The Chairperson of the Board of Governors of the African Development Bank (AfDB), Niale Kaba, has debunked reports that the president of the bank, Akinwumi Adesina, has been asked to step down.
In a statement signed by Ms Kaba, dated May 27, the board chairperson said the board is treating the lingering issue with utmost seriousness.
“On Tuesday, May 26, the office of the Board of Governors of the African Development Bank Group held a meeting to examine the matter arising from a complaint from the board of directors of the bank, and about that which I received from some shareholders expressing different points of view,” the statement said.
“The bureau, which I chair, wishes to assure the public that it is seized with the matter and it is treating it with utmost seriousness which it deserves. Further, the bureau informs the public that it has not taken any decision as falsely conveyed in some publications.
“I must emphasise that there is no governance or constitutional crisis at the African Development Bank Group. It is indeed false that the president of the Bank Group has been or is being asked to step down from his position.”
A Bloomberg report Wednesday claimed that the bank’s board may have agreed to an independent probe of Mr Adesina, after the U.S. rejected an internal investigation that cleared him of allegations of favoritism.
Quoting two people familiar with deliberations on the matter, the report said Africa’s largest multilateral lender decided on the inquiry after several governments backed U.S. Treasury Secretary Steven Mnuchin’s criticism of a bank-led examination into the allegations.
Bloomberg added that Mr Adesina may have to step back from the role until the probe is completed.
But the board Thursday debunked such claims, saying Mr Adeshina has not been asked to step back as reported.
In a petition by a group of whistleblowers, Mr Adesina was accused of 20 breaches of the bank’s code of conduct, including “unethical conduct, private gain, an impediment to efficiency, preferential treatment, and involvement in political activities.”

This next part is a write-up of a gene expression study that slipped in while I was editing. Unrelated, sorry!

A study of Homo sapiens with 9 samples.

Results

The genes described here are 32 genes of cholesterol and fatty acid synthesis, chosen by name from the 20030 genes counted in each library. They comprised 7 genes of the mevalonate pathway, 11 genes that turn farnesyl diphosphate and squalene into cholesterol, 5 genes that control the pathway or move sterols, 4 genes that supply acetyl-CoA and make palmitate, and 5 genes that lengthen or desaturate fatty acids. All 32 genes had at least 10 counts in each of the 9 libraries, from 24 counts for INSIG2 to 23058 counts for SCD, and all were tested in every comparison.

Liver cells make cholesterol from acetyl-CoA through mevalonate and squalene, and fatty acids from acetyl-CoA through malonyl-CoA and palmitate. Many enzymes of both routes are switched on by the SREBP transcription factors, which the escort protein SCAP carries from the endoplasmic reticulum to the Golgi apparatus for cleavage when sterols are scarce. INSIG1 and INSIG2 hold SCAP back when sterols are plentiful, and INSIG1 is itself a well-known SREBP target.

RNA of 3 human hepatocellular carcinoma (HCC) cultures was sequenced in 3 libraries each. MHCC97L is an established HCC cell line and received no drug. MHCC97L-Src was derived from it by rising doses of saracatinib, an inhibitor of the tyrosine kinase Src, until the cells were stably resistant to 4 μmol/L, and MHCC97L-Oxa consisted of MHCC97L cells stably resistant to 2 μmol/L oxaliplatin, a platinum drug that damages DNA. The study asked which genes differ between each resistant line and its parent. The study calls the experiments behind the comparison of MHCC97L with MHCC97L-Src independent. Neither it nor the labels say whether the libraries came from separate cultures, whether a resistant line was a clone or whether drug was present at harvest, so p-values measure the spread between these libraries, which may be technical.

The group, which noted their allegations were in line with AfDB’s whistle-blowing policy, said these activities adversely affected the confidence and integrity of the bank.
The bank, however, found the allegations to be “frivolous.”
Regardless, the United States government expressed “deep reservations about the integrity of the committee’s process” and called for a fresh “in-depth investigation of the allegations.”
In a letter dated May 22, 2020 to Ms Kaba, the U.S. government, through the Secretary, Department of Treasury in Washington, D.C., faulted the decision of the committee to totally exonerate Mr Adesina of all allegations, saying it was not yet time to make such a declaration.
Mr Adesina in his response Wednesday maintained that he is innocent of all allegations of fraud levelled against him. He added that he believes a just, transparent and fair process would prove his innocence.
“I am confident that fair, transparent and just processes that respect the rules, procedures and governance systems of the Bank, and the rule of law, will ultimately prove that I have not violated the Code of Ethics of this extraordinary institution,” he said.
He also promised to work with other stakeholders of the bank in its drive to fulfil the mandate of transforming and accelerating Africa’s development.
On Thursday, the Board of Governors said the bureau must be allowed to carry out its duty and deliver Justice on the matter.
“Everyone must allow the Bureau to do it’s work and allow due process to reign. All the Governors will be carried along in resolving the issue,” the statement said.